Everywhere you look these days there’s evidence that Republican voters aren’t thrilled with their choices for president.
In the latest Washington Post/ABC News poll just 43 percent of Republicans said they were satisfied with their choices — down from 65 percent who said the same at this point in the 2008 race. And, in a New York Times/CBS survey released this morning a majority — 56 percent — said they weren’t excited about any of the candidates yet.
Even elected officials are expressing ennui with the current field. “I’ll tell you, right now, no one in the field excites me right now,” South Carolina Gov. Nikki Haley told the Associated Press on Wednesday.
The conventional wisdom is that the lack of enthusiasm for the current field creates a major opportunity for a late-arriving candidate like Govs. Chris Christie (N.J.) or Mitch Daniels (Ind.).
But, what if neither man — or any other serious candidate — decides to get into the race? What would happen if the field was, for all intents and purposes set?
There are two schools of thought on that question.
The first is that a lack of late entries favors the current frontrunner — former Massachusetts governor Mitt Romney — as GOP primary voters are forced to make a decision more with their heads (electability) than their hearts.
In a NBC/Wall Street Journal poll released last week Romney led a crowded 2012 ballot with 21 percent of the vote. But when the pollsters narrowed the field to only those candidates likely to run, Romney jumped to 40 percent and a 20-point lead over former House Speaker Newt Gingrich.
Those numbers suggest that once voters end their flirtation with the various not-likely-to-run candidates and/or some of the second and third tier competitors drop out, Romney will be the prime beneficiary.
“If Daniels does not run, it helps Romney the most,” said Republican consultant Mike Murphy who has done work for the former Massachusetts governor in the past but is not involved this time around.
(Murphy added a note of caution about reading too much into voter discontent with the field; “This is all a insider, DC media, Republican donor and activist game right now,” said Murphy. “It’s not too relevant [until] next year.”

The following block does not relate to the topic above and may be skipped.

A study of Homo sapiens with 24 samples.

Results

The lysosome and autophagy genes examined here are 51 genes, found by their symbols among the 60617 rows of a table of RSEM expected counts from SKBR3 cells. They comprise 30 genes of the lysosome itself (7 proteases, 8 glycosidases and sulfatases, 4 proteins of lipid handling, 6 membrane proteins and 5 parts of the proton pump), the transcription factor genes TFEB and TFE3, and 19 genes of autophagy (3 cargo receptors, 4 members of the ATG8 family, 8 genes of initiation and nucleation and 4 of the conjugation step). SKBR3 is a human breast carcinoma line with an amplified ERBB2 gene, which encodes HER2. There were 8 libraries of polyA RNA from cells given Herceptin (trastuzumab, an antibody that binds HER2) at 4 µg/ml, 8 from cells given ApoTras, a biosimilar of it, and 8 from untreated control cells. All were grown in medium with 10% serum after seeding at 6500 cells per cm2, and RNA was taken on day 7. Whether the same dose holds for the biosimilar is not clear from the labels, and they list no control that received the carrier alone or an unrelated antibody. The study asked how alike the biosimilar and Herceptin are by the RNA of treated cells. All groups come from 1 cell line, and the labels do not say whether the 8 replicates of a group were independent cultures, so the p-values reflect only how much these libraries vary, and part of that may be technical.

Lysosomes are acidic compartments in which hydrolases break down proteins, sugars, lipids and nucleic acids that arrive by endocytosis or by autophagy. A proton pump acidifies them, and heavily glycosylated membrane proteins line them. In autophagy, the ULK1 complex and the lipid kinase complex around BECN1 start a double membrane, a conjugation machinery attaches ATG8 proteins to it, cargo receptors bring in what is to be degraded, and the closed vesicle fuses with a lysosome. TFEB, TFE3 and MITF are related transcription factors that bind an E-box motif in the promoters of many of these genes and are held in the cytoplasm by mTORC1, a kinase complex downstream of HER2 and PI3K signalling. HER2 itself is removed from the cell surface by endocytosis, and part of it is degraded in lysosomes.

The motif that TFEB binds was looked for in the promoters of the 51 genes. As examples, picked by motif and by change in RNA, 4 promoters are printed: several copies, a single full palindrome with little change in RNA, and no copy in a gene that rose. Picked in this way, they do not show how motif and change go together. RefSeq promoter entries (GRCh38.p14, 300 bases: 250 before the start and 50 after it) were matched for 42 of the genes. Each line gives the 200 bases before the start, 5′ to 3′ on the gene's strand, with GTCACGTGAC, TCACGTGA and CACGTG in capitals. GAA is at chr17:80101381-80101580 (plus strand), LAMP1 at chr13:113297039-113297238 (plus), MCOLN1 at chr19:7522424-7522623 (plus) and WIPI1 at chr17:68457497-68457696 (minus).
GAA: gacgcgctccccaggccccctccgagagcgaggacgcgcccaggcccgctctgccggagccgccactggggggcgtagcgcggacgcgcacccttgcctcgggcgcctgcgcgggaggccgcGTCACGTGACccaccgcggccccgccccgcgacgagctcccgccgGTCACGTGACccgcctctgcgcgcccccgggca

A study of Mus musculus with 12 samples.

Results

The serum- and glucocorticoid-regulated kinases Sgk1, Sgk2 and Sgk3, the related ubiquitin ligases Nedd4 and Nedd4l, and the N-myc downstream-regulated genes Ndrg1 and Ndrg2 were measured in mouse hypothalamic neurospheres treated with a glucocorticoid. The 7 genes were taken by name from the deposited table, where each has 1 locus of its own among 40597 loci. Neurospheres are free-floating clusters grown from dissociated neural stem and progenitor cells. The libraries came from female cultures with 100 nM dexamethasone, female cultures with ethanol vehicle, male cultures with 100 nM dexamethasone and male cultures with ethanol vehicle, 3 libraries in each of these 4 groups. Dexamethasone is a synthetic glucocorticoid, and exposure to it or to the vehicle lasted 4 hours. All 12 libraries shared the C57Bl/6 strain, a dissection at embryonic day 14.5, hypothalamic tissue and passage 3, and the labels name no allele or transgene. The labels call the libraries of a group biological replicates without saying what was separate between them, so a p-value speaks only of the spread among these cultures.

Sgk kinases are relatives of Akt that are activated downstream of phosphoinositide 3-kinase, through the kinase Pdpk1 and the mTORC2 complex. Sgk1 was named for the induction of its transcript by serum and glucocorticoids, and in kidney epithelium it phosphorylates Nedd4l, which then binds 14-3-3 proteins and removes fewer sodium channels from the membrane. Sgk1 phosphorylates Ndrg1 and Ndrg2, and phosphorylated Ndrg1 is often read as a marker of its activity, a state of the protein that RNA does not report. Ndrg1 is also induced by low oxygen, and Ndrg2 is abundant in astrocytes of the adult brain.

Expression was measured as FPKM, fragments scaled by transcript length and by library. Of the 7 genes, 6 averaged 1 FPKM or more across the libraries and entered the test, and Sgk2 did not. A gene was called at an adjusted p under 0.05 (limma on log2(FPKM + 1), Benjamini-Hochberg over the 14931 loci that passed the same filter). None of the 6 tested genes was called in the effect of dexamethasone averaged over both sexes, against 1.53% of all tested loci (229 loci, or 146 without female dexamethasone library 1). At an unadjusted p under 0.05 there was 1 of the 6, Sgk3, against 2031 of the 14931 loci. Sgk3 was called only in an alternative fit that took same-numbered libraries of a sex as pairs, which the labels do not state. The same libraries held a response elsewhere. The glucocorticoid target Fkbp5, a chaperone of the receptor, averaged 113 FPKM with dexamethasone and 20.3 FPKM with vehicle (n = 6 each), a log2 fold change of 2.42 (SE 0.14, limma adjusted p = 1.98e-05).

Romney will also almost certainly be the best funded candidate in the field with an organization that will maximize his ability to scoop up on-the-fence voters.
“Discontent should benefit the person with the best fundraising effort and most robust political network in the key states, which should be the frontrunner,” explained Mike DuHaime who managed the 2008 presidential campaign of former New York City Mayor Rudy Giuliani.
Perhaps the best historic comparison — although far from a perfect one -- for that sort of rallying effect came in the 2004 Democratic presidential primary race when Sen. John Kerry emerged as the nominee in what was widely regarded as a somewhat lackluster field that didn’t sort itself out until just before the Iowa caucuses.
The 1984 Democratic and 1996 Republican primary fights also featured a relatively weak frontrunner winning the nomination but in neither case was there this much discontent from the electorate about their options in the race.
The second scenario is that voters won’t give up their quest for a fresh face to get excited about even if Daniels, Christie, former Florida Gov. Jeb Bush and all other late-entry candidate stays out.
Under that line of thinking, voters not with Romney won’t simply default to him but rather will keep searching for someone to latch onto.
The closest historical analog of the scenario came in the 1992 Democratic presidential primary race when big name after big name took a pass on the race (Mario Cuomo, anyone?), leaving a wide-open field that Bill Clinton took by storm.
Who might benefit if that dynamic takes hold in 2012? The most obvious name is soon-to-be former U.S. Ambassador to China Jon Huntsman, an attractive self funder who is likely to run a campaign modeled on the maverick appeal of Sen. John McCain circa 2000.
Huntsman’s likely messaging — it’s time to rethink the way politics are done — is also a good fit if the electorate is looking for something new to rally behind.
Others who could theoretically benefit from a “fresh face” dynamic in 2012 are former Minnesota governor Tim Pawlenty and Rep. Michele Bachmann.
While the media and those most-attentive primary voters are focused not on who is in the race but who isn’t at the moment, most smart Republican operatives expect Daniels and Christie to stay out of the contest.
That means that it’s likely that GOP primary voters will have roughly the choices they have right now in terms of candidates. How they react to that reality will matter — greatly — in determing the identity of the nominee.